New venues help bring Grammy winners — and many others — to Southern Ontarians’ backyards. Just don’t get them started about Donald Trump.
Music, Tues., Jan 31, 2017
Suburbanites: now you don’t necessarily have to go to Toronto to see the big shows — more than ever, they’re coming to you.
This week, for example, four-time Grammy winners Los Lobos perform at the Burlington Performing Arts Centre on Jan. 31 and then, in the next three days, at similar venues in Oakville, St. Catharines and Richmond Hill.
It’s a tour that probably wouldn’t have happened without the relatively recent openings of the Burlington and St. Catharines locales — which opened in 2011 and 2015 respectively and, with the additions of Mississauga’s Living Arts Centre, Brampton’s Rose Theatre and Flato Markham Theatre, now comprise a chain of community-driven “edge-city” venues that average between 500 and 1,000 in seating capacity.
Oakville Centre manager Robin Howarth says the venues occasionally band together to snag a most prestigious act through block booking.
“If we want to bring up this artist to our venue, they’re not going to fly up from New York City or L.A. to do one night,” Howarth explains. So these venues “put together a tour for them, organized (through) Ontario Presents, a province-wide network of presenting and touring organizations.”
Aside from Los Lobos, recent acts that have taken advantage include Burton Cummings, country singer Lee Ann Womack, comedians Steven Wright and Howie Mandel, singer Jann Arden, rockers The Tea Party and songwriter Bruce Cockburn, to name a few. Taken as a group, these acts’ commercial peak came a few years ago — but all of them have large numbers of fans still, most of whom are likely glad to see them without enduring Toronto traffic.
The small-theatre circuit also bypasses the radius clause imposed by primary-market Toronto concert promoters, which restricts further appearances by an act within a certain time and distance.
Despite their proximity, Oakville Centre’s Howarth says research reveals “85 per cent of our audience comes from within the boundaries of our own cities and towns.”
“On occasion, there is saturation or dilution of an act where we split audiences,” says Howarth, mentioning that as of last Friday Los Lobos — who perform three days earlier in nearby Burlington — have only sold 60-65 per cent of the capacity in Oakville.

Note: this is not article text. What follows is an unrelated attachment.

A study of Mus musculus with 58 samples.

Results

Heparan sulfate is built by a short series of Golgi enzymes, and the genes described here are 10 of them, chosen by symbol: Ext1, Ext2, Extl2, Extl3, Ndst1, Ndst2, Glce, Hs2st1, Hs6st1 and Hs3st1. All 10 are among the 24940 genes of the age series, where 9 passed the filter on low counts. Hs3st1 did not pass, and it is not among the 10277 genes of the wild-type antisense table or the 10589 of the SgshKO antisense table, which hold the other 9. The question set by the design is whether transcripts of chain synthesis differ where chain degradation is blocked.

“It’s part of the risk of our business,” he admits.
Perhaps it will help that Los Lobos is heading into this tour with a bit of momentum. The veteran Latin-flavoured L.A. rock band was announced as the latest recipients of the BMI Icon Award last week, joining the ranks of Carlos Santana, Paul Simon, Brian Wilson, Dolly Parton, and Gloria Estefan as artists honoured for their songwriting.
Drummer and lyricist Louie Perez, who began this Canadian string of dates on Monday by opening an exhibit of 12 watercolour and Sumi Ink paintings at the True North Music Gallery in Waterdown, said the accolade took the band by surprise.
“It’s terrific,” says Perez, 63, who co-founded the East L.A. band with David Hidalgo, Cesar Rosas and Conrad Lozano in 1973. “Sometimes it feels like we’re looking over our shoulders and wondering, who are they talking about?
“We’ve played venues that we’ve only dreamed about — Carnegie Hall, the Fillmore Auditorium in San Francisco — and travelled to places throughout the world that four kids from East Side would only dream of. It’s been a fantastic trip: 43 years last November.”
Ironically, the band’s biggest and only No. 1 smash — 1987’s “La Bamba” — wasn’t written by them, but was a Mexican folkloric number adapted by Ritchie Valens in the late 1950s. Perez said their now 30-year-old version was a blessing and a curse.
“At the time, it felt almost like our entire recording career was pre-empted and eclipsed by this big hit,” he recalls. “It took us a little while — with some determination and a certain degree of fortitude — to resist ‘La Bamba No. 2’ and (not) sell Doritos for the rest of our lives.
“The way we did that was through a follow-up record of traditional Mexican music called La pistola y el corazón.
“People wrote that we had committed commercial suicide, but we had to get back to what we set out to do: explore the music of our own culture, dig deep into creating original music, and pick up where we left off.”
Perez, who says Los Lobos performs without setlists, says he is proud “to expose the world to our Mexican culture” and calls the current conflict between U.S. President Donald Trump and Mexico “horrible.”
“My parents crossed the border to improve the quality of their lives,” Perez explains. “So I’m not just biased because I’m of Mexican descent: I’m directly one of the subjects of this great American experiment.
“And I think it’s just obscene that the people who have contributed to this country for a century suddenly are thought to be, as somebody said, ‘rapists and drug dealers.’ It’s hideous.
“I know one thing for certain — we’re not going to be playing the White House any time soon.”
Los Lobos perform Tuesday in Burlington, Wednesday at the Oakville Centre for the Performing Arts, Thursday at St. Catharines’ FirstOntario Performing Arts Centre and Friday at the Richmond Hill Centre for the Performing Arts.